My Venice and Other EssaysPosted: January 7, 2014
My Venice and Other Essays
Atlantic Monthly Press (December 3, 2013)
Kindle Edition: $9.10, Amazon Hardcover: $19.90
When I download a book sample to my iPad Kindle app or add a book to my to-read shelf on Goodreads there is no place to note where I learned about the book. I can’t tell you, therefore, where I first found this book. But there it was in my Kindle samples. Chances are that I saw it in the Sunday book review section of the New York Times or San Francisco Chronicle.
In any case, it was an enjoyable small find. I’m not familiar with Leon’s Commissario Guido Brunetti mystery novels, but such knowledge certainly isn’t necessary to enjoy this book. The book offers insights into Leon’s perspective of her world, and she does not hesitate to make clear what she considers important. The essays seem to be a collection of previously published pieces, many of them from the first decade of the twenty-first century, but there is no reference to the source or date of any of the essays. I wish the publisher had provided both.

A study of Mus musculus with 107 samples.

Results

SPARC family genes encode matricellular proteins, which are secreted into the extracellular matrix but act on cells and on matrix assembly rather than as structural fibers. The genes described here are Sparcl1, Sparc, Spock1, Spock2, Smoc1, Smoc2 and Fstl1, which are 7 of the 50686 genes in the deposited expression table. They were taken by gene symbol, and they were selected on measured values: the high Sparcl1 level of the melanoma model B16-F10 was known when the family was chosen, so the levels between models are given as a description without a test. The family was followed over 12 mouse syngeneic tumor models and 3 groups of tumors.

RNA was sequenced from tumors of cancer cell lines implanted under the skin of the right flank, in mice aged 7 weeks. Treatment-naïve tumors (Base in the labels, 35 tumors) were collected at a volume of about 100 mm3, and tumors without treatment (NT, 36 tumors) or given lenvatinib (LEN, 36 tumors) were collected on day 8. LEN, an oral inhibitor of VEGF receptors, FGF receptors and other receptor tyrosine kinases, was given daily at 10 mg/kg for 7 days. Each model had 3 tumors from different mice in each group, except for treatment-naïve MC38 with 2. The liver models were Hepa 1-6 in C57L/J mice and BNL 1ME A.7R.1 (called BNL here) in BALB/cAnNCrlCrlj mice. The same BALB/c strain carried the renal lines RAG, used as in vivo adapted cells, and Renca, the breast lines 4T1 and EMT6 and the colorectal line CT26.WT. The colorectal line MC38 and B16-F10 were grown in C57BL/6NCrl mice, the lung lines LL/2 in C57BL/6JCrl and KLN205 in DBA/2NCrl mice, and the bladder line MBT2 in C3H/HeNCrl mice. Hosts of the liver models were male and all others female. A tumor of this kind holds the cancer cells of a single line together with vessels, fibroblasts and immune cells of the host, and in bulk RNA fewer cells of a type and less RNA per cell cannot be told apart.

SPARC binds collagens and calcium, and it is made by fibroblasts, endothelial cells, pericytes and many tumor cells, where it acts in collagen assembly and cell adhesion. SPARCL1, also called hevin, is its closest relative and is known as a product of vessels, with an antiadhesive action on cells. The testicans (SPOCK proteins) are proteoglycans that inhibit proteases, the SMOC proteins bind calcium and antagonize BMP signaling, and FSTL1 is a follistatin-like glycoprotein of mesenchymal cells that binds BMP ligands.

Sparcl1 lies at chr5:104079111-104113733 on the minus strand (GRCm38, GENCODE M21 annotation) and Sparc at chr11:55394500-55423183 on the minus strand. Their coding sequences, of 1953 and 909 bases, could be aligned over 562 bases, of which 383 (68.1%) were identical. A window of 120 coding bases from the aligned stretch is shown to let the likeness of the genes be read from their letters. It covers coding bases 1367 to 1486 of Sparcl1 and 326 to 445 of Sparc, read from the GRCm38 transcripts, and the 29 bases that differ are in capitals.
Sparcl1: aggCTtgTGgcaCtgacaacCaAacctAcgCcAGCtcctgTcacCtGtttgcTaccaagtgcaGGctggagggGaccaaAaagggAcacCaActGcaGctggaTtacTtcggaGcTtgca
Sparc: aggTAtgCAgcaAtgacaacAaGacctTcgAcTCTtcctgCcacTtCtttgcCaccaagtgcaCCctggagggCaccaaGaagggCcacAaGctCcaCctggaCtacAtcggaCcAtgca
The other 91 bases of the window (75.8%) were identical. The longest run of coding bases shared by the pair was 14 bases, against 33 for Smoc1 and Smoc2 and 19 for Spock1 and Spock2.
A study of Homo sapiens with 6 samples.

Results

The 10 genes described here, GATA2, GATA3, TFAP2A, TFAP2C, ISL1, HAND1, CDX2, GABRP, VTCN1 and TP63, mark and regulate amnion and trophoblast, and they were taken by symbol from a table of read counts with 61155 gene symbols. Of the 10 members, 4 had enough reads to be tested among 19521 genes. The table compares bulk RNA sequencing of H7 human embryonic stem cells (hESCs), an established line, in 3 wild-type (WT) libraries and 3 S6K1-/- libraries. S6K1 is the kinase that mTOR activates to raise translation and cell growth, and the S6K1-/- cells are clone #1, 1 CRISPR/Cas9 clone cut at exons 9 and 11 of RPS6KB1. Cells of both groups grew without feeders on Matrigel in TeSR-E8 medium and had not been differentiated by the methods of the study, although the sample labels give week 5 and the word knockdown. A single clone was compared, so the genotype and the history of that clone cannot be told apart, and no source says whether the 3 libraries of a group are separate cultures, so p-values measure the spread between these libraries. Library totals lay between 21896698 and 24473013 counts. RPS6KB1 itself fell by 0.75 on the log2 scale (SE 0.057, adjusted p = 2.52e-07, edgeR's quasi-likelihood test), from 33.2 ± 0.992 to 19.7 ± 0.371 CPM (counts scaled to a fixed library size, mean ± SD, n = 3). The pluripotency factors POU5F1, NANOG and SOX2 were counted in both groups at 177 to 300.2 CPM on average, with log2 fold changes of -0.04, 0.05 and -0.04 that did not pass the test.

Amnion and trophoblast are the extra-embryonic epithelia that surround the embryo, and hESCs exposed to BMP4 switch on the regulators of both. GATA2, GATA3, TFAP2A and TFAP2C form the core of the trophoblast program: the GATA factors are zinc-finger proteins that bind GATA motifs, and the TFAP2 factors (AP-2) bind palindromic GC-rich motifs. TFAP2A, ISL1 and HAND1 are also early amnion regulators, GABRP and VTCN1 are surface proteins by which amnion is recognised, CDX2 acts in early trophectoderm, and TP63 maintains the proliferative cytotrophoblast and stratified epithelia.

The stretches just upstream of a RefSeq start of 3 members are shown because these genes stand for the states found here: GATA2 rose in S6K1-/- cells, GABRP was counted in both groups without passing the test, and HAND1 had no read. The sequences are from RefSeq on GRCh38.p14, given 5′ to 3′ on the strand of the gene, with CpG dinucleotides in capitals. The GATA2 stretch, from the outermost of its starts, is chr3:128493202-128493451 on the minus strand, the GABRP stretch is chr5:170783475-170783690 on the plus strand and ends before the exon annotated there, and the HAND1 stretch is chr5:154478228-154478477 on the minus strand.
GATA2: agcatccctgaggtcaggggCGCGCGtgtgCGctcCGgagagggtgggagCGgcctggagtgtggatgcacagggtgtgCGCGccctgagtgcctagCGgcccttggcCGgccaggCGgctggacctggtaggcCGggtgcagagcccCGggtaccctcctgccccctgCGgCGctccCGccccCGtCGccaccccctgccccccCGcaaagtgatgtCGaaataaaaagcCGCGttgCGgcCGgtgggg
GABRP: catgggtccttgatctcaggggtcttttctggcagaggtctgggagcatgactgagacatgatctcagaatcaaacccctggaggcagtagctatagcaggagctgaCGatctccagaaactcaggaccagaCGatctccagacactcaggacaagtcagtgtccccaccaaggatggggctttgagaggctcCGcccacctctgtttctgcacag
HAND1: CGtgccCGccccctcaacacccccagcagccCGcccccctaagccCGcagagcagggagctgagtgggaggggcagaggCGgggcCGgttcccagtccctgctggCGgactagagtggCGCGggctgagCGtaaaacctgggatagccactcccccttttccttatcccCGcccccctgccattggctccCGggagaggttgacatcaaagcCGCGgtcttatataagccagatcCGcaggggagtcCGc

Leon is an expatriate American who spends most of her time in Venice. Interestingly, she first found herself in Venice when she was evacuated from Iran at the time of the Iranian Revolution. Seems she found home, and many of the essays show her love of the city, even while admitting poor judgment in matters such as buying the Venetian equivalent of a condo.
The territory covered by the book is not limited to Venice. She writes about her time in the Italian countryside, offering classes at a nearby U.S. military base, and her visits to New York City.
There is nothing of substance here, but it is a quick, diverting, enjoyable read.